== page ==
Wir wissen schon lange, dass die Notenbanken nur noch so tun, als wären sie unabhängig. Mit Helikopter-Geld und MMT ist damit bald auch offiziell Schluss. Meint auch die FINANCIAL TIMES (FT):
- “(…) there was a time when central banks in advanced countries were supposed to be independent of their governments. That meant they were not expected to bend policy to meet the political requirements of the day or the election cycle.” – bto: Ich kann mir das in der Eurozone nicht mehr vorstellen.
- “There were times when the precept was violated. For example, it is generally believed that in 1971 Arthur Burns, then chair of the Federal Reserve, succumbed to pressure from the White House to imprudently loosen monetary policy to ensure a strong economy for Richard Nixon’s re-election. The economy boomed and Nixon won but the consequent inflation and damaged Fed credibility were not overcome until Paul Volcker’s Fed imposed high rates and a deep recession.” – bto: Und alle sehen es als Fehler an, was damals passiert ist.
- “Now that lesson is forgotten. In the US and Europe, it would seem, central bank independence is as dead as vaudeville. (…) Mr Trump and his advisers have recognised the political threat represented by the partially inverted yield curve. Inverted curves probably mean recession, which would mean no re-election. That is a risk the White House cannot accept, whatever the blather about Fed independence and policy stability.” – bto: Andere würden meinen, dass Trump ein besseres Gespür für die Wirtschaftslage habe als die Fed.
- “Most economists, and, for that matter, corporate America, think the US is already pushing the bounds of non-inflationary growth. Labour shortages are endemic, shipments are late, profit margins are under pressure, consumers grow more cautious. Time to pull back and wind in — unless you need one more year of euphoria to ensure you stay in office. Then you might be willing to settle for inflationary growth, even if it comes with future instability. True, your trading partners may think you are engaging in a competitive devaluation and irresponsible behaviour, but you probably do not care about their opinion.” – bto: Nun muss man allerdings sagen, dass der Dollar zur Zeit eher zur Stärke neigt und außerdem die Inflation höchst erwünscht wäre, um die Schulden tragbarer zu machen.
- “If we do not get this sort of policy bouleversement out of the White House and the Fed, then we could find out how all those post-crisis reforms in the financial system will work when the pressure is on. For example, if there were to be a bear market in equity, we are likely to see a considerable amount of BBB corporate debt pushed below investment grade by the rating agencies. (…) the concentration of corporate paper teetering on the BBB bubble is historically large. Much of it has been pledged to the banking system for what is called ‚collateral transformation‘ in repo transactions.” – bto: Was hier steht, ist interessant. Wenn wir eine Rezession nicht aufschieben, wird sie unangenehm. Das spräche doch für aufschieben – und dann ist das Problem in ein paar Jahren noch größer!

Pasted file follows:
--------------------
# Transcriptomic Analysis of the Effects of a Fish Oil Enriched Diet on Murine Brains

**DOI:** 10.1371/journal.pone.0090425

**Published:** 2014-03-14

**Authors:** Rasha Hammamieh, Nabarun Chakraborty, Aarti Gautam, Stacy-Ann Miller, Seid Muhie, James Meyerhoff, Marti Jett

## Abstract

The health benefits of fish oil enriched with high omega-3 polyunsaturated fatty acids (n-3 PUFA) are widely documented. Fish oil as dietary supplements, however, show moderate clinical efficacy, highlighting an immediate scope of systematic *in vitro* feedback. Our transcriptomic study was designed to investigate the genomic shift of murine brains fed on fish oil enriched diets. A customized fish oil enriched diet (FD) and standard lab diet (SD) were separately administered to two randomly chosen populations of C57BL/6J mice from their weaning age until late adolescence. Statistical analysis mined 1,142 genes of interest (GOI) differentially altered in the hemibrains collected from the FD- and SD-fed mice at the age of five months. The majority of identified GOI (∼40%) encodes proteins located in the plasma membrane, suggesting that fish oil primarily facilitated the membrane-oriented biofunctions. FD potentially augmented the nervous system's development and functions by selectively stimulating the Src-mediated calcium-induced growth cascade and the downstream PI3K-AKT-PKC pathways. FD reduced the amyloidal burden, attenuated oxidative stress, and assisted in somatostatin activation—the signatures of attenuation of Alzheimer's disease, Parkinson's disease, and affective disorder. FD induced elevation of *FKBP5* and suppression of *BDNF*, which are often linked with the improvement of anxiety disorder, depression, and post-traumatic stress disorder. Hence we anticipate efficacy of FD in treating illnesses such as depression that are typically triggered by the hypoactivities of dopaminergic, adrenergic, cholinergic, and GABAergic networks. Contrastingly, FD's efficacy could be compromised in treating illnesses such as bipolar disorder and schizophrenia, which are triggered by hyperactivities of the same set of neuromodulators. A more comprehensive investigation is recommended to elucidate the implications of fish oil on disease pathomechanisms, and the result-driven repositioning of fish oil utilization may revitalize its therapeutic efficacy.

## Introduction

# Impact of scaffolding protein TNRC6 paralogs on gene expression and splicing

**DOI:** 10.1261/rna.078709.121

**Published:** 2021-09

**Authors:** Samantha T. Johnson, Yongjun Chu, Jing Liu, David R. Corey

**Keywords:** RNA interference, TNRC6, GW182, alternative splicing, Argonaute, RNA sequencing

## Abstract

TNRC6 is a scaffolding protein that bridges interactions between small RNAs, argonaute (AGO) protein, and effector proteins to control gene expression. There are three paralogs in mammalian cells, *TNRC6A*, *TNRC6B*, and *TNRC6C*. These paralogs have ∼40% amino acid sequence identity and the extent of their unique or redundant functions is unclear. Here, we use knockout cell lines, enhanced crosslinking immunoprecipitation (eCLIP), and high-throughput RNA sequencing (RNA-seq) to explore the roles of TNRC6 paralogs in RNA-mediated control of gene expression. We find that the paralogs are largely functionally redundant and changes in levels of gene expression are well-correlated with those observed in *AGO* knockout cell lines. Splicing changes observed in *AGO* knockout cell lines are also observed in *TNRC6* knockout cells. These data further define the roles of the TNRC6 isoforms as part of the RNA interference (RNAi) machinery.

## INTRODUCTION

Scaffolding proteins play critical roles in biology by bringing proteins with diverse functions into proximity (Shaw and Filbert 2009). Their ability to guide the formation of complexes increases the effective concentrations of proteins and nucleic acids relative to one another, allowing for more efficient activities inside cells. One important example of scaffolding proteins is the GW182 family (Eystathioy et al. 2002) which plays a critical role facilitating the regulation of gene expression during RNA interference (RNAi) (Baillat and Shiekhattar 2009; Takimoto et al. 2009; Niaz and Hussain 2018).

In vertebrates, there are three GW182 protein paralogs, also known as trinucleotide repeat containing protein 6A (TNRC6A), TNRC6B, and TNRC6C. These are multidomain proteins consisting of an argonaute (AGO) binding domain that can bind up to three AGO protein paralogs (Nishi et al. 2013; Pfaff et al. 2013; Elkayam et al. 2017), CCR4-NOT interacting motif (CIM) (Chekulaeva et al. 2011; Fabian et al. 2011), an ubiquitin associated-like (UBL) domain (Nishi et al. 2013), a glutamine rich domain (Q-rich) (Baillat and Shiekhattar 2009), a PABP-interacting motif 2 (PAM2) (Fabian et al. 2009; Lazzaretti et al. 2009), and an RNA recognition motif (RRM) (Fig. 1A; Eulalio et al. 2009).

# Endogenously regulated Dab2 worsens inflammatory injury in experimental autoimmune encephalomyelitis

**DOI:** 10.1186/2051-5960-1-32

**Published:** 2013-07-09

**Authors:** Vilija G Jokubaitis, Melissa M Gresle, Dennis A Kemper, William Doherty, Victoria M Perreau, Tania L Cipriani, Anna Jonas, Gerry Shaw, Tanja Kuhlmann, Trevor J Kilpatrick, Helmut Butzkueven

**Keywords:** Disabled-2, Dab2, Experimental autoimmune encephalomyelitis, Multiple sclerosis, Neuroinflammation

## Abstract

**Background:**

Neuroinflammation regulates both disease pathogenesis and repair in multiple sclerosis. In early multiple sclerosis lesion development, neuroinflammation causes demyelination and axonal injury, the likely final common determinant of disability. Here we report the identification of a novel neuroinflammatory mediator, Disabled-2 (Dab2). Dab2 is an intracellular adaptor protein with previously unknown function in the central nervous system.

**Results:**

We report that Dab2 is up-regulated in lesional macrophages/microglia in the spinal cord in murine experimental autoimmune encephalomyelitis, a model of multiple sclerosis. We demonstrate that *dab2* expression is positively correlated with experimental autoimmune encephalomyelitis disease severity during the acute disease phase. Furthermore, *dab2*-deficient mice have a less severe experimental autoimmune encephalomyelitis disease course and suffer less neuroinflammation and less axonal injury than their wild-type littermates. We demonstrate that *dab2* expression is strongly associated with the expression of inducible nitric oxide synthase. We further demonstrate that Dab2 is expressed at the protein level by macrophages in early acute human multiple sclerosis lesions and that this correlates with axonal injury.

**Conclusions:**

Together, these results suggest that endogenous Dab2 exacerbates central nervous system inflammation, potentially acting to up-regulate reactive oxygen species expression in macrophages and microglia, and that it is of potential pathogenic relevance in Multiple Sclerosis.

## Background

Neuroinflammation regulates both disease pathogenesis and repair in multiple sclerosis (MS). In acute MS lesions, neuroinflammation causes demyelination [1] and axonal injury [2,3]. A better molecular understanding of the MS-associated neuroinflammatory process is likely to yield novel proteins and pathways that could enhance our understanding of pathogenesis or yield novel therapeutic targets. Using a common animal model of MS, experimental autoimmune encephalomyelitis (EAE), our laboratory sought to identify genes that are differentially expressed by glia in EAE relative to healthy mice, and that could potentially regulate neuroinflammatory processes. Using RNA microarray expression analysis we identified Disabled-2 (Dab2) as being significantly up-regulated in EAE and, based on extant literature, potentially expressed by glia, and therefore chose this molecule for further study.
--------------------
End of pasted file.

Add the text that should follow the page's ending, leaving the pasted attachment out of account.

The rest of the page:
- “In the event of ratings downgrades and greater market volatility, the banks will impose deeper haircuts in return for meeting the consequent higher margin calls. This is the sort of mechanism that feeds on itself. If you are a White House economic adviser, do you want to be at weekend after weekend of crisis meetings dealing with that problem? Or would you prefer to be at the post-election victory parties?” – bto: Haha, das ist ein gutes Bild.
- “Unfortunately, there is also considerable pressure in Europe. There is another interesting drama playing out between the European Central Bank and its member countries over who gets to supervise clearing houses. This has been well reported in this newspaper but mostly ignored by European political commentators. The critical faultline in Europe could well run through the clearing houses. The ECB has long believed that it should be in charge of crisis management should there be an issue with the orderly functioning of clearing and settlement systems. The national regulators (and governments) believe it should be part of their competence. European markets would be short of good collateral to meet margin calls in a crisis. Control over the ECB’s vast balance sheet might then shift to the national governments. So much for its independence.” – bto: die im Zuge der “Euro-Rettung” ohnehin nur noch in der Theorie besteht.